Every now and then life requires you to pause. Just stop. But the pause isn't just a halt, it's a call to refocus on what's important. To reflect. Joe was a guy who lived in a group home that was where I worked my last direct care job before becoming a consultant. He had moved from a large facility and was finding it very very hard to adapt to the 'outside'. Everything seemed to move to fast for him, everything just seemed overwhelming. Food had too much flavour, the wind had too much scent, the water had too much crispness. And Joe, like a circuit that's overheated, would just blow.
It was an awesome sight. He would suddenly leap up and screams would come out of him. We, all of us wonderful supportive people knew exactly what to do - panic. The neighbours, the ones that had protested the group home being there in the first place, could surely hear him. We were, in honestly, probably more concerned about them - about their complaints, than we were about him. Tantrum - but for gosh sakes - do it quietly.
One Friday night I was working with a woman whose name I cannot remember. She was a beautiful, small, San Francisco-haired woman. Something tells me she had a British accent, but I'm not sure. We looked at each other and then back at Joe. One of the others who lived in the house said, looking at us with exasperation, "He likes to go for a ride when he's upset, take him for a ride." We looked at her and said, like she was a staff and this was a discussion, "But what about the rest of you."
"Take us too," she said simply. We figured that she knew Joe for much longer than any of us, so that's what we did. We took Joe for a ride. We took everyone for a ride. Toronto is beautiful at night. We drove through the mansions of Rosedale and by the big Sam The Record Man sign on Yonge Street. Then it was over to Chinatown. A rain had fallen and the road was slick, but what was cool was that all the lights of the buildings reflected off the pavement. Add some music and you'd have had an intro to a great road trip movie.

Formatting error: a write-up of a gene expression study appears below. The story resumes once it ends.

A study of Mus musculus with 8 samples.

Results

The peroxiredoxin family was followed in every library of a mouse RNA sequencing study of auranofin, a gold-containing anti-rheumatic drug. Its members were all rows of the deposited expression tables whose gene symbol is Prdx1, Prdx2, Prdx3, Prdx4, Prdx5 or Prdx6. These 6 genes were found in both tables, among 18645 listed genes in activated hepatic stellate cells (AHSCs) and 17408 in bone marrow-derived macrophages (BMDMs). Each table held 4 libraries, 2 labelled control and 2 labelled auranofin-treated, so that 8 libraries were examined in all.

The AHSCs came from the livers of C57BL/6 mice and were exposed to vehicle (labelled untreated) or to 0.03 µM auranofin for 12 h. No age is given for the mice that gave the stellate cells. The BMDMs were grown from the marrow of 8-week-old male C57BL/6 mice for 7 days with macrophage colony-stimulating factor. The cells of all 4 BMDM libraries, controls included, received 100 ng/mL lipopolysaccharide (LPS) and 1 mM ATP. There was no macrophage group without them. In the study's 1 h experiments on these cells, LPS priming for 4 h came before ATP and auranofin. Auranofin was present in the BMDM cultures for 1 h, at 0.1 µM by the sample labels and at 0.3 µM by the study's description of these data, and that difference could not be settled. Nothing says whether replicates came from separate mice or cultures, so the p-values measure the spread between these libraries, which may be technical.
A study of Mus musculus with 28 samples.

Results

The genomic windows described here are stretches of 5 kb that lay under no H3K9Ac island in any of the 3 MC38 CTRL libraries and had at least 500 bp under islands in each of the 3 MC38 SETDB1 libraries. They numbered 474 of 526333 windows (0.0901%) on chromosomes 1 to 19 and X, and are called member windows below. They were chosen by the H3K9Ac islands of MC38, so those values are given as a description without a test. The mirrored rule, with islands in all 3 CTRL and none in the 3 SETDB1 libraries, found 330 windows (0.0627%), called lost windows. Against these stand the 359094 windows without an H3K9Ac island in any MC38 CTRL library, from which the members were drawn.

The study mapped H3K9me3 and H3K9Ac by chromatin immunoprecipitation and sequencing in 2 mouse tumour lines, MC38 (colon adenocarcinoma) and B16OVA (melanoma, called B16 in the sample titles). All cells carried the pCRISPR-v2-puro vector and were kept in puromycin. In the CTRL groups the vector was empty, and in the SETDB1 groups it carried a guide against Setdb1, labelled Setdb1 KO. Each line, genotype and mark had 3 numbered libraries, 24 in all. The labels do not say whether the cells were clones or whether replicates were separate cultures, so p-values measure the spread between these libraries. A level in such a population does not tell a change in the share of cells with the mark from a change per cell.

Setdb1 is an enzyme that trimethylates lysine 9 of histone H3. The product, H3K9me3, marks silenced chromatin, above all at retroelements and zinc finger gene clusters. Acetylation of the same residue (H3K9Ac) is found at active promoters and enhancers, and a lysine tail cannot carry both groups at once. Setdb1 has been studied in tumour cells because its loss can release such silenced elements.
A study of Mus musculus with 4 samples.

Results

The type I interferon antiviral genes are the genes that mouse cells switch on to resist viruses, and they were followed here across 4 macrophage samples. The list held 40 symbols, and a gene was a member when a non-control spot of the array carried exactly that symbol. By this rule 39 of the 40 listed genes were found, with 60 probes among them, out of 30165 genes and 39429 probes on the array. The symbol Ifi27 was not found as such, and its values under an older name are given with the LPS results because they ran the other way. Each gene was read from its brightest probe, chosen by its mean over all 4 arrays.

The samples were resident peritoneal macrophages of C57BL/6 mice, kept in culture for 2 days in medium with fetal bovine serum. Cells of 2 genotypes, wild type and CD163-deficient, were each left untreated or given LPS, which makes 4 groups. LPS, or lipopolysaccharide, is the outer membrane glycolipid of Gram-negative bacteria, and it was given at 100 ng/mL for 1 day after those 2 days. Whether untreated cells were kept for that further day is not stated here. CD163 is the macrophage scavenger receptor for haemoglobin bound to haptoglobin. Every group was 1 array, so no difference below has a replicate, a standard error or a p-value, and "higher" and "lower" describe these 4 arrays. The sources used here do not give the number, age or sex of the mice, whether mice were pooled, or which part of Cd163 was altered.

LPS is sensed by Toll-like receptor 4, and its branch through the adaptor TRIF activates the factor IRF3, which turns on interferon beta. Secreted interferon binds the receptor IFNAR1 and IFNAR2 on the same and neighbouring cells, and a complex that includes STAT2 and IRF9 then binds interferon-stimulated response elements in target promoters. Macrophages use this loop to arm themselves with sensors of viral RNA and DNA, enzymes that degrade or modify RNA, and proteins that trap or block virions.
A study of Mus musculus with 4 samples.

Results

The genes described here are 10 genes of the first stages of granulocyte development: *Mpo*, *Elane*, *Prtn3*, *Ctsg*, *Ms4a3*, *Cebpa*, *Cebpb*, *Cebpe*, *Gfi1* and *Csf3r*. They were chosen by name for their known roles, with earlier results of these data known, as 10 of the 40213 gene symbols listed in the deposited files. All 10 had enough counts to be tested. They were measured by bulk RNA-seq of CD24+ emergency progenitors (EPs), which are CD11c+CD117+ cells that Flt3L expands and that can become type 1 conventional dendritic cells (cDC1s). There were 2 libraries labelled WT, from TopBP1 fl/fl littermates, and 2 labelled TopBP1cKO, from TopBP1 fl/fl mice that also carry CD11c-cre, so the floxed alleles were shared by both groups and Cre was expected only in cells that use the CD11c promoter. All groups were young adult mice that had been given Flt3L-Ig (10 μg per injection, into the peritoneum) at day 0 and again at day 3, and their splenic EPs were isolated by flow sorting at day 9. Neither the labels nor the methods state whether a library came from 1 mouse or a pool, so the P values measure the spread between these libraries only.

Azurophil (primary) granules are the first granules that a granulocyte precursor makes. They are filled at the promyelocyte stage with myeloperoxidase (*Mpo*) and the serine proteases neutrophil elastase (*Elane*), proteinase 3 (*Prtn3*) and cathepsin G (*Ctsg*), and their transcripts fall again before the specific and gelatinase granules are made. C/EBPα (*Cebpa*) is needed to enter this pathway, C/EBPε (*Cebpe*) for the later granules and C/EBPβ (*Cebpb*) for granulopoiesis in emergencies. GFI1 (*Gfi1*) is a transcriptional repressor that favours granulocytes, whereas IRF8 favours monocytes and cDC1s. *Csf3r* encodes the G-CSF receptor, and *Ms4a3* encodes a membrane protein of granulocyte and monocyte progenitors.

Joe was quiet. Eerily so. I tired of driving so we pulled into Micky D's and got everyone a treat - hot apple pies that were as hot as the center of the sun - as Brad and Angelina's honeymoon. I switched to the passenger side and off we went again. It was a great shift - no paperwork, no work at all, just a long drive. Joe, who had quieted as soon as we mentioned the outing was sitting in the car, his eyes closed listening to the hum of the engine and the soft chatter of the others in the car. We all felt the peaceful safe sensation that you sometimes get on long drives in warm cars.
He was taking a pause. He was pulling himself out of the overwhelming demands of his day and that newness makes on the senses. He needed to just ... stop. Regroup.
Everyone else on the outing was looking out windows and seeming to enjoy themselves. But Joe just sat there with his eyes closed, MacDonald's pie in his hands, untouched. I began to speak to him wanting to ask him if he was ok but as I began, I felt a hand on my arm. "He just likes to sit quiet." I was told. She really could have been staff - she really should have been staff.
A few days later when Joe seemed to be chatty and happy, I asked him about the car rides. He said that he liked to go on them when he was getting upset. He said that in the institution they used to take him out when he needed to go. "Do you always close your eyes when you are out?" I asked. He told me that he only did that when he had a feeling inside that made him want to blow up.
This interested me and I asked him how he stopped the feeling. "I don't stop it," he said, "I just think about it."
"And that makes it better," I asked
"Yes, it does," he answered. He didn't explain. He looked at me like what he was saying was self-evident.
Well, I'm on pause right now. I'm thinking about the feelings. Not trying to stop them, just thinking about them.
It does make it better.
They don't go away. But when you think about them - the feelings that need to be thought about, you know them, anger, grief, loss, jealousy ... they don't ask that we act, they ask that we notice - like a sore on a foot that makes us limp, feelings make us take stock and take care.
So, Joe, all I can say is that I thought about you today. I thought about your simple wisdom and your complex needs.
And what I needed was just that - simple wisdom for my complex needs.